After reading The Pleasures of Reading in an Age of Distraction, I was up for the challenge of not adhering to a set of reading rules I put upon myself. Especially, reading at Whim. When was the last time you just picked up a book and read it? I still look to journals, book bloggers, and lists to see what’s out there and decide if it’s something I would find worth reading. These books are some I had heard about through those channels but they aren’t my typical reading fare. I know what I DO like but have been a bit burned out by my usual selections.
Some call it “Chick-Lit”, “Women’s Lit”, “A Palate Cleanser”…whatever you want to call it, this one was great! I listened to The Swans of Fifth Avenue and couldn’t stop. I knew of Truman Capote from the usual means; he wrote In Cold Blood and “Breakfast at Tiffany’s”. I had even watched a few movies where he was portrayed as a quirky, literary genius. But I didn’t know about his “Swans” and his social suicide when he divulged much of their inside gossip in the pages of his story, “La Côte Basque 1965”. It could also be called Historical Fiction but I’ll just sum it up as “snarky, scandalous and so, so good!” Thanks Catherine for writing a great post about this one. You were spot on!
Graphic Novels and I have a funny relationship. Sometimes I absolutely love them like, Can’t We Talk About Something More Pleasant and others are just ok. Maybe it’s my twitchy, mature eyes that can’t focus. But I did read many in my youth and there are so many new ones out there that cover all sorts of relevant topics. Graphic Novels aren’t my typical fare, but again I was looking for something lighter and fun. I saw a review for Cat Person by Seo Kim on Kim’s blog (not the author) and put it immediately on hold. She was right, it was fun, goofy and just what I needed. I didn’t realize that Seo Kim was a storyboard artist for the show Adventure Time and after being a bit curious of her artistic style, it made perfect sense.
Modern Retelling of a Classic
Curiosity and all that, right? I don’t usually read modern retellings of classics, fan fiction, reimaginations, sequels, whathaveyou. But after reading this line from Catherine’s review of Eligible “If you’re a purist about your classics, then you probably ought to stop reading now, pour yourself a glass of sherry and go back to your needlework by candlelight” (again, thanks Catherine), I had to pick it up. I’m not a purist and Pride & Prejudice is a classic favorite of mine. This could have been an absolute trainwreck, and some might still believe it is. But Sittenfeld really captured what the story and the awful Bennett family would have been like in modern day America- the reality shows, social media, short attention spans and lack of social skills. Relationships are more complex these days and there are many more options for women and men in terms of career, family, etc. Sittenfeld weaves all of this in perfectly and I found myself cringing as much as I did chuckle. However, it was lacking something that you can only get from an original. Austen was ahead of her time when she wrote P & P, so for Lizzy to be so forthcoming and “edgy” (in the original) was shocking AND a breath of fresh air for women. There also was not as much romantic tension and witty banter as I’m used to from Austen- it was there, but didn’t really grab me.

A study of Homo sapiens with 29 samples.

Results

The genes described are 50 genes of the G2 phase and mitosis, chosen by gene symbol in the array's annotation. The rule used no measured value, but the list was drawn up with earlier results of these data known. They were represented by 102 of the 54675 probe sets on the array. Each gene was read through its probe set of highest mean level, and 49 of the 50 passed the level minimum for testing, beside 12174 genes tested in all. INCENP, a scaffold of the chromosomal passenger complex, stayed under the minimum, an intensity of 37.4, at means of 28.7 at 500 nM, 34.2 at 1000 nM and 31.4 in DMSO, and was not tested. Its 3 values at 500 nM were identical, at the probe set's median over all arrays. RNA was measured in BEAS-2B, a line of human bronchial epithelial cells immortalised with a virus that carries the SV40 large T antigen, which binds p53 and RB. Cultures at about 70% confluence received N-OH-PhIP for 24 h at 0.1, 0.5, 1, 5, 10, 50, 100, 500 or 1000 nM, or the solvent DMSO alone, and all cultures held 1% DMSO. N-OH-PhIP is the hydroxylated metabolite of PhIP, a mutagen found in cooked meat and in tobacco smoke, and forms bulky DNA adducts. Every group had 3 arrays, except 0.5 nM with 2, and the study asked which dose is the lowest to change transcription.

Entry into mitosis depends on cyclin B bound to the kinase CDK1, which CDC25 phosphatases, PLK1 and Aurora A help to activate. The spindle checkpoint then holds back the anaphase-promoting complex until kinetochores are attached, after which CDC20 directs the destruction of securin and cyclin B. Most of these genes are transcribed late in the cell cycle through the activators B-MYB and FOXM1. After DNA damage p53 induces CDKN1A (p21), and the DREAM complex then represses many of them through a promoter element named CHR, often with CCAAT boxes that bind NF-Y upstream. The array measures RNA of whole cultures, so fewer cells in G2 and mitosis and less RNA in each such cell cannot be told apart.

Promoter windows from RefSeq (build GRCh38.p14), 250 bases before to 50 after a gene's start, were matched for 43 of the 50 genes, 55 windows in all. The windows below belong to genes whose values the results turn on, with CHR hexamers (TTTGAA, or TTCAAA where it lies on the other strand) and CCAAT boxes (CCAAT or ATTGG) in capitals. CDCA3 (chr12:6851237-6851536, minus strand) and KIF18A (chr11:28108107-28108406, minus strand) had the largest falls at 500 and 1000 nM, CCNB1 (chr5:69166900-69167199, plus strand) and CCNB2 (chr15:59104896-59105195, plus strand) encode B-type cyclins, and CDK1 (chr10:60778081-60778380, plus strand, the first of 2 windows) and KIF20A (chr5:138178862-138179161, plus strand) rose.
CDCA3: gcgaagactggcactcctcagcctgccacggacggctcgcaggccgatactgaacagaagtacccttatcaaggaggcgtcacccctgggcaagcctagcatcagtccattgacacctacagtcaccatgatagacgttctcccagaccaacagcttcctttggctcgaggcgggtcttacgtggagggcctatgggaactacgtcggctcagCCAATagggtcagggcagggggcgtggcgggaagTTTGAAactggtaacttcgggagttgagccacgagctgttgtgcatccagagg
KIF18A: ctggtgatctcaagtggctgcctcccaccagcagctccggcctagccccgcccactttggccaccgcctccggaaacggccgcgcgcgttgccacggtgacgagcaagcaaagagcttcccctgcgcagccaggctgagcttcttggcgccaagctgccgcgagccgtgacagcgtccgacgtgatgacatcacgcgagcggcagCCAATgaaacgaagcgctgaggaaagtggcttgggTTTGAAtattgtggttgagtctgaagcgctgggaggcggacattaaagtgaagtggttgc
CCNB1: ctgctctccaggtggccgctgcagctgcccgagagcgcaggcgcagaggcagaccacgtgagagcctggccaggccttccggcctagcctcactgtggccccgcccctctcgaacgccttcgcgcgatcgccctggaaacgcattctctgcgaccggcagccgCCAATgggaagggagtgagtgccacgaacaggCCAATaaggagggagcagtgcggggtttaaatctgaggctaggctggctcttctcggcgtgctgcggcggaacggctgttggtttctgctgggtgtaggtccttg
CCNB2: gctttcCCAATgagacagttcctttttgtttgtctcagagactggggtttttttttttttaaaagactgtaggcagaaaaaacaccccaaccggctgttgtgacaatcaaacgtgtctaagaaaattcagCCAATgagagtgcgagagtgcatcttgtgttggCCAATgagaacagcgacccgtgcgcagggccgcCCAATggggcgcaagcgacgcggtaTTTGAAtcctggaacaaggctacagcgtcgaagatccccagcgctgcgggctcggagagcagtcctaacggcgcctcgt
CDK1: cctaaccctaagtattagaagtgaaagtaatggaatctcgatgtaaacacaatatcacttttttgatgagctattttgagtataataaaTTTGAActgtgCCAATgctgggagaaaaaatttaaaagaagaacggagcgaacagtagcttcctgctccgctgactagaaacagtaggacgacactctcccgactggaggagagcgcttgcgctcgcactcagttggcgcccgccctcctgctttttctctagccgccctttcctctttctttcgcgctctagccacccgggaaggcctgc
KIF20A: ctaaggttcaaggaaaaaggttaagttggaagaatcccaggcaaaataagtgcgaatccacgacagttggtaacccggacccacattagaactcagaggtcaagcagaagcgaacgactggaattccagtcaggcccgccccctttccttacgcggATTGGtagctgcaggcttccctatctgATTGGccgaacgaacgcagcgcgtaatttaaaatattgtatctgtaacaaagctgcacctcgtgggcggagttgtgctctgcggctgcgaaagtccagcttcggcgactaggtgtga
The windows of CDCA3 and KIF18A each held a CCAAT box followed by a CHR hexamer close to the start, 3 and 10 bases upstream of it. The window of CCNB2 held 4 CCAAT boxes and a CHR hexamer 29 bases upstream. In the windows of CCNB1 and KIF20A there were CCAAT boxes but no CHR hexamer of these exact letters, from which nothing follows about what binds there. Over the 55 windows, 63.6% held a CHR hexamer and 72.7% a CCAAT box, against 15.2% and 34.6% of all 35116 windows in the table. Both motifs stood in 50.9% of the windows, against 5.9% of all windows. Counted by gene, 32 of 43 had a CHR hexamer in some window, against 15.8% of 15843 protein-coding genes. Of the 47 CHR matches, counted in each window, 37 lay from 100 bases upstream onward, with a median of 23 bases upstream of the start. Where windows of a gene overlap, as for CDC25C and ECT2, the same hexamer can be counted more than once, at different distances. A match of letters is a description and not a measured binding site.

Mothering Sunday by Graham Swift is not the romance book you’re thinking of and I’m not entirely sure I’d call this one a true romance book, whatever that may be. It “begins with an afternoon tryst in 1924 between a servant girl and the young man of the neighboring house.” Jane Fairchild and Paul Sheringham have been secret lovers for years, starting as teens and this very short book (177 pages) is one I can’t decide if I loved or didn’t care for. Stylistically it was a puzzle. It felt repetitive and a bit slow, but the writing was beautiful and the story picked up as it went on. It was one of those books that got better as it revealed itself and as I thought about afterwards. I found myself rereading passages and really savoring the self-discovery of Jane’s character. It was a fluke that I happened to read it on Mother’s Day, a day that was called “Mothering Sunday” in this story. In contrast to other books I read, this one was quiet, slow-building and made me work a bit more than I’m used to. Jane’s particular day impacted her life more than she could have imagined and again reminded me that a story can emerge from the small moments in life.
It was that life itself might be an adventure. That was the submerged message (the “subtext” they might say now) of all those books. Was there in fact any other way to live? And adventure did not have to be about pirates and narrow escapes. It might be constant mental hazarding. Suppose, imagine. Imagine.”